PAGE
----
The only thought I had is that there was moisture intrusion into the
tape pack at some point to cause this. This could have been moisture on
its own or with biological or chemical contaminants that acted like an
adhesive or caused the tape coatings to act like an adhesive.
It is just a guess with no real science to back it up.
Yes, I would try baking to separate, but that's not always useful, either.
The other thing that has occasionally worked with blocked tapes is
chilling them for a while, both to drive out moisture and get some
micro-movement layer to layer which may "unhook" the little bonds.
If you hear a zipper noise, you are damaging tape.
On 2018-10-16 4:58 PM, Tim Gillett wrote:
> Hi Corey,
> No, definitely not normal sticky shed or even any stickiness.
> My tentative guess is that with time and pressure the rough surface of
> the paper backing has imprinted itself onto the adjacent layer's
> smoother oxide surface so that many tiny "interlock" or clasp points
> have formed. On the sections where the winds have separated without
> damage, the interlocks have released and now there is no longer a
> stiction in those sections. I can rewind the tape back from where the
> tape stopped and it winds perfectly. No stiction. For a paper tape, the
> pack is quite good. When I run the tape forward, as soon as it gets to
> the point where I stopped separating the wind, the adhesion resumes.
> It's complicated by various sticky tape splices which have gone gooey
> and oozed, causing adhesions at those points but that's a separate issue.
> Yes there are unrecorded sections which I can experiment with.
> ----- Original Message ----- From: "Corey Bailey" <[log in to unmask]>
> To: <[log in to unmask]>
> Sent: Wednesday, October 17, 2018 4:12 AM
> Subject: Re: [ARSCLIST] Soundmirror paper 1/4" tape
>> Hi Tim,
>> It's hard to recommend a solution without visually assessing the
>> problem. For polyester base tapes that have layer-to-layer adhesion, I
>> usually have to bake them at a lowered temperature (118° F. or less)
>> for 6 to 8 hours and then I will check the tape again. For paper
>> backed tape, baking may not work. Is there an unrecorded section that
>> you could use for testing? For me, baking audio tape is reserved as a
>> last resort. Layer-to-layer adhesion is the one exception.
>> Corey Bailey Audio Engineering
>> On 10/16/2018 6:11 AM, Tim Gillett wrote:
>>> Thanks Gary,
>>> Yes having had experience with one tape like this 15 years ago (from
>>> the same person's archive) I'm aware of the centre track, the tracks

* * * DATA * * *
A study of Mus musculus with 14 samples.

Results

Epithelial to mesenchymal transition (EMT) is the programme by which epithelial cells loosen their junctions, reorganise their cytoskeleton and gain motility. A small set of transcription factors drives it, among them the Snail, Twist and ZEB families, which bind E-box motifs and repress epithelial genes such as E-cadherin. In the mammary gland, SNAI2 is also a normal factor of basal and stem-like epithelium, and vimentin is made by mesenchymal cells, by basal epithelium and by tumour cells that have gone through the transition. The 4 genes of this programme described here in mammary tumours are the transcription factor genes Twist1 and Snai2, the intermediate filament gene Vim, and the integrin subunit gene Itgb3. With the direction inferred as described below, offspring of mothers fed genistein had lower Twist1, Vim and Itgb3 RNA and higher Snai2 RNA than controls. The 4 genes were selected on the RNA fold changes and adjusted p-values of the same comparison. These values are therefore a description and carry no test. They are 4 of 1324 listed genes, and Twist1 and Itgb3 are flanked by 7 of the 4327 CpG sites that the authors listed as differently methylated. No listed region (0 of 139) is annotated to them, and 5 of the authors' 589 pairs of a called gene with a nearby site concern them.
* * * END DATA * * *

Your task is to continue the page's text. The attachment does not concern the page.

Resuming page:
>>> 2 and 3 capture and the azimuth corrector technique. It's just a
>>> shame I wasnt aware of this sticking problem back then as I guess if
>>> I'd unwound them then it wouldnt have been as much of a problem as
>>> has now become 15 years on.
>>> I only recently discovered that the tapes have been stored in less
>>> than ideal conditions with high humidity and evidence of mould on
>>> some tapes (but apparently not on any of these Soundmirror tapes that
>>> I can see.
>>> Yes hoping Richard Hess or maybe Peter Brothers might have experience
>>> with this sticky problem.
>>> ----- Original Message ----- From: "Gary A. Galo" <[log in to unmask]>
>>> To: <[log in to unmask]>
>>> Sent: Tuesday, October 16, 2018 8:57 PM
>>> Subject: Re: [ARSCLIST] Soundmirror paper 1/4" tape
>>> Hi Tim,
>>> This is a strange problem. I've worked with quite a few Brush
>>> Soundmirror tapes in our archive, and the only spots where I found
>>> any sticking was on a couple that had leader tape spliced on at the
>>> beginning. But, it was confined to that spot, and not all the way
>>> Regarding playback on modern equipment, I use tracks 2 and 3 of a
>>> 4-channel head. They fit right over that single half track on the
>>> Soundmirror tapes. The stereo playback allows proper azimuth
>>> adjustment, and gets you inside of most of the edge curl that may
>>> have occurred. It may also get you inside any oxide shedding that may
>>> happen, if that stickiness is confined to the edges. Then I put the
>>> two channels through a phase corrector before summing them to mono.
>>> Richard Hess may be able to better address the sticking problem.
>>> Gary Galo
>>> Audio Engineer Emeritus
>>> The Crane School of Music
>>> SUNY at Potsdam, NY 13676
>>> From: Association for Recorded Sound Discussion List
>>> <[log in to unmask]> on behalf of Tim Gillett
>>> <[log in to unmask]>
>>> Sent: Tuesday, October 16, 2018 8:32:39 AM
>>> To: [log in to unmask]
>>> Subject: [ARSCLIST] Soundmirror paper 1/4" tape
>>> I'm having problems with some very early Soundmirror tapes using a
>>> paper backing, circa late 40's early fifties I guess. I suspect they
>>> havent been wound or played for many decades. They contain live
>>> recordings of mainly classical oratorio concerts.
>>> The tape wind is semi sticking to the next wind in varying degrees
>>> depending on the tape in question. With a couple I've been able to
>>> slowly wind them off without tape breakage or loss of oxide. Once
>>> they have been unstuck and spooled onto the take up reel they remain
>>> unstuck and play well. I've been able to repair old splices and clean
>>> off old spreading adhesive.
>>> But this one is more sticky and further into the reel I go it has
>>> started to really stick to the next wind and rip off small pieces of
>>> oxide (I guess more tension from being under a constant torque wind
>>> for many years has made the inner layers stick more to each other).
>>> Any hints on treating the tape to help it wind off without damage, or
>>> with less damage? Heat, humidity etc?
>>> Tim Gillett
>>> Western Australia
> This email has been checked for viruses by Avast antivirus software.
Richard L. Hess email: [log in to unmask]
Aurora, Ontario, Canada 647 479 2800
Quality tape transfers -- even from hard-to-play tapes.